1-on-1: Maximizing Your Brain Power

Tim Hurson is the founder of thinkx intellectual capital, a training firm that helps Fortune 500 companies create innovative programs. He’s a faculty member of the Creative Education Foundation, founding director of Facilitators Without Borders, and a speaker on productive thinking and creative leadership. He’s also the author of Think Better: An Innovator’s Guide to Productive Thinking.
 

SUCCESS: I heard that you take issue with the term “out of the box thinking.” Is that true?

Tim Hurson: There seems to be this attitude that creative thinking or productive thinking is separate or apart from the way we should think normally. It’s as though we say to ourselves, “OK, now let’s do some out of the box thinking. Let’s go to this special place, this room, this psychic space and do this odd sort of thinking.” It would make as much sense if you were to say, “Let’s think ethically for a moment.” It should be a part of what we are, not separate from what we are.

Any other misconceptions you’d like to smash?

TH: There is no such thing as an excellent first draft. In business, we expect those first ideas to be wonderful. Historical geniuses knew it was important to make lists. Look at Leonardo da Vinci. He is famous for his notebooks. He wrote and explored until those ideas came to him. Thomas Edison made list after list of stuff that might be possible. Almost every creative genius you can think of was a list maker, and from those lists was able to choose and develop ideas of value, beauty or interest. We don’t do that anymore. We come up with the first right answer and think that is the one. If you list 100 ideas, you will have a much better chance of finding a good one than if you list two ideas.
 

OK, so it’s important to list your ideas. But what if someone just isn’t very creative to begin with?

TH: The sad thing is people do tend to categorize themselves as being creative or not creative, or smart or not smart. But all of us have in us—just as we have the ability to love—we have the ability to be creative. It is in-built. Some of us may need to learn some stuff about it and develop skills, but it is there. It’s just a question of learning a few new ways to use the material we already have. We all have the same blockages and the same potential. It doesn’t mean everyone is going to be Michael Jordan; it just means wherever you are now, you can be better.
 

So what are some blockages to creative thinking?

TH: There are dozens, but let’s explore two that are common. The first is “satisficing,” a word coined by Herbert Simon, an economist and philosopher from the 1960s. What he meant by satisficing is that human beings have a really difficult time with issues that are unresolved. We will do anything we can to get out of that limbo state of not knowing the answer or not being secure with our level of knowledge, and because of that, we will often jump at the first right answer that takes us out of that uncomfortable state of I don’t know. And often that first right answer isn’t a very good answer at all. Those first right answers are generally not the best ones. Most brainstorming sessions manifest like this: How about we try this? No, that won’t work. How about we try this? No, too expensive. And finally, someone else will say, How about we try this? and someone will say, Oh, yeah, that might work and then suddenly the meeting is over. It’s like we explored and explored until we came to that first right answer and then we stopped thinking. This is really common, but what people think are right answers, are really just comfortable answers. Research tells us that it’s usually not the first third of a good brainstorming session, or even the second third, but the final third where all the really exciting answers come, because we have gotten past all the top-of-mind things. Look for all those final third ideas. I guarantee those will be the most innovative, exciting, and frankly, the scariest. Those are the ideas that will make you feel uncomfortable because they involve risk.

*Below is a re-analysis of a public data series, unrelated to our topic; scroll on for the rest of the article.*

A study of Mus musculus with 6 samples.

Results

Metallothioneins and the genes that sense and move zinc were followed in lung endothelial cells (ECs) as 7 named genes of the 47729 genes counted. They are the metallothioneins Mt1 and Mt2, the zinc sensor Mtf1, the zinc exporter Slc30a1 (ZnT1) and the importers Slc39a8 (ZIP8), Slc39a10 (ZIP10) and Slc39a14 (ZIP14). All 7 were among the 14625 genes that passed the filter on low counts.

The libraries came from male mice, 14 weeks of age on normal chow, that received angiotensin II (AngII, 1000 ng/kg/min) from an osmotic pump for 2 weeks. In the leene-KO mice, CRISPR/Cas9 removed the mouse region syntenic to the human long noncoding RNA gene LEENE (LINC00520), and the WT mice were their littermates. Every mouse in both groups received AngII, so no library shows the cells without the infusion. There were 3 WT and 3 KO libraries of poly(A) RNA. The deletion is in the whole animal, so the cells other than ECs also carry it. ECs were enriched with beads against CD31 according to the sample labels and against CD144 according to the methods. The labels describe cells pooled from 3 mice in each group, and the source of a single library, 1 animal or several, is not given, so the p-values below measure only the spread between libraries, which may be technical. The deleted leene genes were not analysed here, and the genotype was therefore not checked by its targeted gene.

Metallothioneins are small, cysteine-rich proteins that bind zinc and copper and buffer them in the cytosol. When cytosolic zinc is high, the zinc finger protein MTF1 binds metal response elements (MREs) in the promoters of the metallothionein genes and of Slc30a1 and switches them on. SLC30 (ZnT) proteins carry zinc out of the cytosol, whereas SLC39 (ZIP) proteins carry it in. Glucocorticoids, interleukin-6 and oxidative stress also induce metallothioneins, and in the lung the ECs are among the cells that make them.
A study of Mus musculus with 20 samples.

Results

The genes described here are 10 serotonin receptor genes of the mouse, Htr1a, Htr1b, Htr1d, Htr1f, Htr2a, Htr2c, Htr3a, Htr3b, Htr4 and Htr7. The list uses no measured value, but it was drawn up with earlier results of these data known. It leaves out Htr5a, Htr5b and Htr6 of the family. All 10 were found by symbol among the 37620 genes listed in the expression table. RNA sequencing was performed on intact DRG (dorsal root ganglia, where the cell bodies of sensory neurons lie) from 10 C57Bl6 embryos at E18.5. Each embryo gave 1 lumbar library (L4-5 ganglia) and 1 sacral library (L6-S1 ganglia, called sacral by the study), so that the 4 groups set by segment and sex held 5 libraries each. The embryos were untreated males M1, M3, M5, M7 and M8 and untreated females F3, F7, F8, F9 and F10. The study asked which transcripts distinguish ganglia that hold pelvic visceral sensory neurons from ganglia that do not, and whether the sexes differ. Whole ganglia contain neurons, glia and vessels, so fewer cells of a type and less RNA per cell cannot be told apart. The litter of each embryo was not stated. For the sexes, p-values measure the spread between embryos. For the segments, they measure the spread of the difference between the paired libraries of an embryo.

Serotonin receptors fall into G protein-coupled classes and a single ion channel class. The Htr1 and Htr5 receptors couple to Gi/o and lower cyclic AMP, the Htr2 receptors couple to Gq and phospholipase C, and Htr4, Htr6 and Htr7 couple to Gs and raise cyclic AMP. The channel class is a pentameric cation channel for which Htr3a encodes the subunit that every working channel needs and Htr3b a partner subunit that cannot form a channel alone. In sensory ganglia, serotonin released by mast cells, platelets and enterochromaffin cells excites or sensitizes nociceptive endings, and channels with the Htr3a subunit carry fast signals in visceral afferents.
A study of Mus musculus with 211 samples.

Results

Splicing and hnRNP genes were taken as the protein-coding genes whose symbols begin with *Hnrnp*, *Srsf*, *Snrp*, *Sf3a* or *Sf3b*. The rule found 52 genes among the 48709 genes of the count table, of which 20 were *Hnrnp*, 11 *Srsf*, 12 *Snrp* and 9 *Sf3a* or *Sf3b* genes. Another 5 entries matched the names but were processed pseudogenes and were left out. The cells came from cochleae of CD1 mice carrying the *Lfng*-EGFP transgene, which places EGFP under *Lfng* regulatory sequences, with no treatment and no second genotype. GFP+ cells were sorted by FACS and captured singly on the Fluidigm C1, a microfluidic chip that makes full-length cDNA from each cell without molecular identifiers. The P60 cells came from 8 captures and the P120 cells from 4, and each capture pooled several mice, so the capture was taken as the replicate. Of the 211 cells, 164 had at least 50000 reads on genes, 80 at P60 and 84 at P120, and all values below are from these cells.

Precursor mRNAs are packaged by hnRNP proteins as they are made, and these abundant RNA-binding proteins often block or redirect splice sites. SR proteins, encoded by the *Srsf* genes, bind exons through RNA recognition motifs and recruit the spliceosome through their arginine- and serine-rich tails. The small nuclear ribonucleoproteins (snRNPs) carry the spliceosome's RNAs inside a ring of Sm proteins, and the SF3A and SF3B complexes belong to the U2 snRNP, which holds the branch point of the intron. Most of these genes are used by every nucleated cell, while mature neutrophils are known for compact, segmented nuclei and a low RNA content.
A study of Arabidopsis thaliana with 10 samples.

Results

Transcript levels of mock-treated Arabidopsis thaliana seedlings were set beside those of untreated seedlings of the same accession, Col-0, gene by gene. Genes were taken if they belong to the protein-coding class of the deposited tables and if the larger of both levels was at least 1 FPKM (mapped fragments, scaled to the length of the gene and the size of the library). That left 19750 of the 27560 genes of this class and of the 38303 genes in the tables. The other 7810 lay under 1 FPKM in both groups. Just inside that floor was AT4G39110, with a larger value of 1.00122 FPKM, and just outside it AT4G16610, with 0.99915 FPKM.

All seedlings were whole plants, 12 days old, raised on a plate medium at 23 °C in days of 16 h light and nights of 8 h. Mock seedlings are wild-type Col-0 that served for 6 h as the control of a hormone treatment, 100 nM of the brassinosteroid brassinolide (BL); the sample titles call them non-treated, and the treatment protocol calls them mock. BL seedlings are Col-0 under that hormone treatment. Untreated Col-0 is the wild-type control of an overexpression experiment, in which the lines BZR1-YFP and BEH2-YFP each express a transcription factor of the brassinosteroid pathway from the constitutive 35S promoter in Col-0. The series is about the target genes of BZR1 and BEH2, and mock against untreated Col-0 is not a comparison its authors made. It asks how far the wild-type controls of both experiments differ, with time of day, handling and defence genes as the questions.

So what’s the second barrier you mentioned?

TH: The second is distraction. I like the term monkey mind. Your mind has a mind of its own and it’s hard to control. Whether you are reading or driving in a car, your mind has a tendency to take you for a ride, often to destinations very different from the one you planned to visit. It is a sign of non-concentration because it doesn’t allow you to focus on any one thing. But monkey mind isn’t always a bad thing. How can something called monkey mind not be a bad thing? TH: Most people say they get their best ideas while walking or exercising. But the No. 1 answer is: in the shower. Why is that? It is because of your monkey mind—your mind is swinging from idea branch to idea branch like a monkey in a tree. In the shower, your defenses are down, and as a result, you give yourself permission to come up with ideas. This is why when you are drifting off to sleep, you often come up with these great ideas because monkey mind is going to work. If you can mine monkey mind for those great ideas, it’s really terrific.
 

How do we do that?

TH: I like to say that the reason people have their best ideas in the shower is because their judge is all wet. We have given ourselves permission to articulate those ideas to ourselves that we would almost never articulate when we are in a more serious or rational mode. Of the top places where people get their best ideas, not one of them has to do with business. It is amazing… we spend so much of our lives worrying about what we are projecting, so we filter things. We say, If I say that, they will really think I’m an idiot. But they just might think you’re a genius.